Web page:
Clearly, there was some unknown problem with the composite construction of the wing section. Because fabrication had recently been moved to Cessna’s facility in Chihuahua, Mexico, where since 2006 the company has been building wiring harnesses and sheet metal components for its Citation product line, it was natural to presume there was something wrong with the composite process, that some variable had unintentionally been introduced since production was moved from Bend.
To its credit, Cessna immediately owned up to the problem (though the severity of the event was not widely known), took the Corvalis out of production (a call that probably was not made solely by the manufacturer) and went to work first trying to figure out what had gone wrong and, second, fixing the problem.
Right away the problem looked to be more systemic than the result of a single manufacturing flaw. While there were no known discrepancies in any of the handful of airplanes that had been built from the Mexico components, Cessna took the extraordinary step of destroying all of the airplanes that originated at the TAM plant. It was Cessna’s way of erasing any doubt about the quality of the Corvalis, which had previously enjoyed a sterling reputation.
At the same time Cessna set out to understand what had gone wrong, which it quickly did. The issue had to do with the environmental factors in the new plant and the sensitivity of the composite materials used in the construction of Corvalis components to changes in humidity, temperature and particulate matter, conditions that were apparently ideal at the Bend plant but were out of tolerance at TAM.
Cessna made, it says, “considerable investment” in systems to both control and monitor the environmental conditions in the plant, creating a system whereby the production process is regulated by green, yellow and red lights that indicate whether conditions allow production to continue, call for corrective action or require that production be halted. Cessna says it believes the new system will allow it to produce parts with great reliability. It is approaching the process, a former Corvalis program leader told me, systematically and with great patience, the only goal being getting it right.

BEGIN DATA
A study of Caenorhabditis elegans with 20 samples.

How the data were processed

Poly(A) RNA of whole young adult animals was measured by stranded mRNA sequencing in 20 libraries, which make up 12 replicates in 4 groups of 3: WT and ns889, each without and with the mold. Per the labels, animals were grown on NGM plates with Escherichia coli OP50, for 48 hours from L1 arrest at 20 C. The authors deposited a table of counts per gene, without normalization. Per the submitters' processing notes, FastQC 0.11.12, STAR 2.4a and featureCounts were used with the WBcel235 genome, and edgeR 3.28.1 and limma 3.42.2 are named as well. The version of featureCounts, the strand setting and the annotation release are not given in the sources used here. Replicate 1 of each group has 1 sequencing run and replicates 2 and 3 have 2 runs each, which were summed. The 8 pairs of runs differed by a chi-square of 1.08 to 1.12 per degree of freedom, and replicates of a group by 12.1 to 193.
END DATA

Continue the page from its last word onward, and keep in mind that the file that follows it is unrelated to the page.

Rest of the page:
The process has taken longer than Cessna had thought it would. Part of its effort was a rebranding. In Lakeland, Florida, in 2011, Cessna announced the launch of the TTx, the successor to the previous Corvalis, which had been called the TT. The project, much to Cessna’s dismay, took more than a year longer than it anticipated.
Still, the vision of the new model was the driving force. It would be equipped with the new Garmin G2000 touch-control, integrated avionics suite. Accented with carbon fiber and sporting a new modern interior design, the TTx brand would signal a fresh start for the Corvalis.
For the record, on a flight plan the airplane is now designated the T240, in place of COL400. While Cessna is calling the model “TTx” in much of its marketing material, the company says that it is still a Corvalis. (That latter name, by the way, is a deliberate misspelling of the city in eastern Oregon that is home to Oregon State University.) The airplane, in case you haven’t noticed, has had a lot of names.
The TTx will technically be a new airplane, since it will be built under an amended type certificate, which doubtless made Cessna work hard to comply with the latest revisions of Part 23. It also gives customers the assurance that the airplane has been gone over with a fine-tooth comb, which was also part of Cessna’s plan.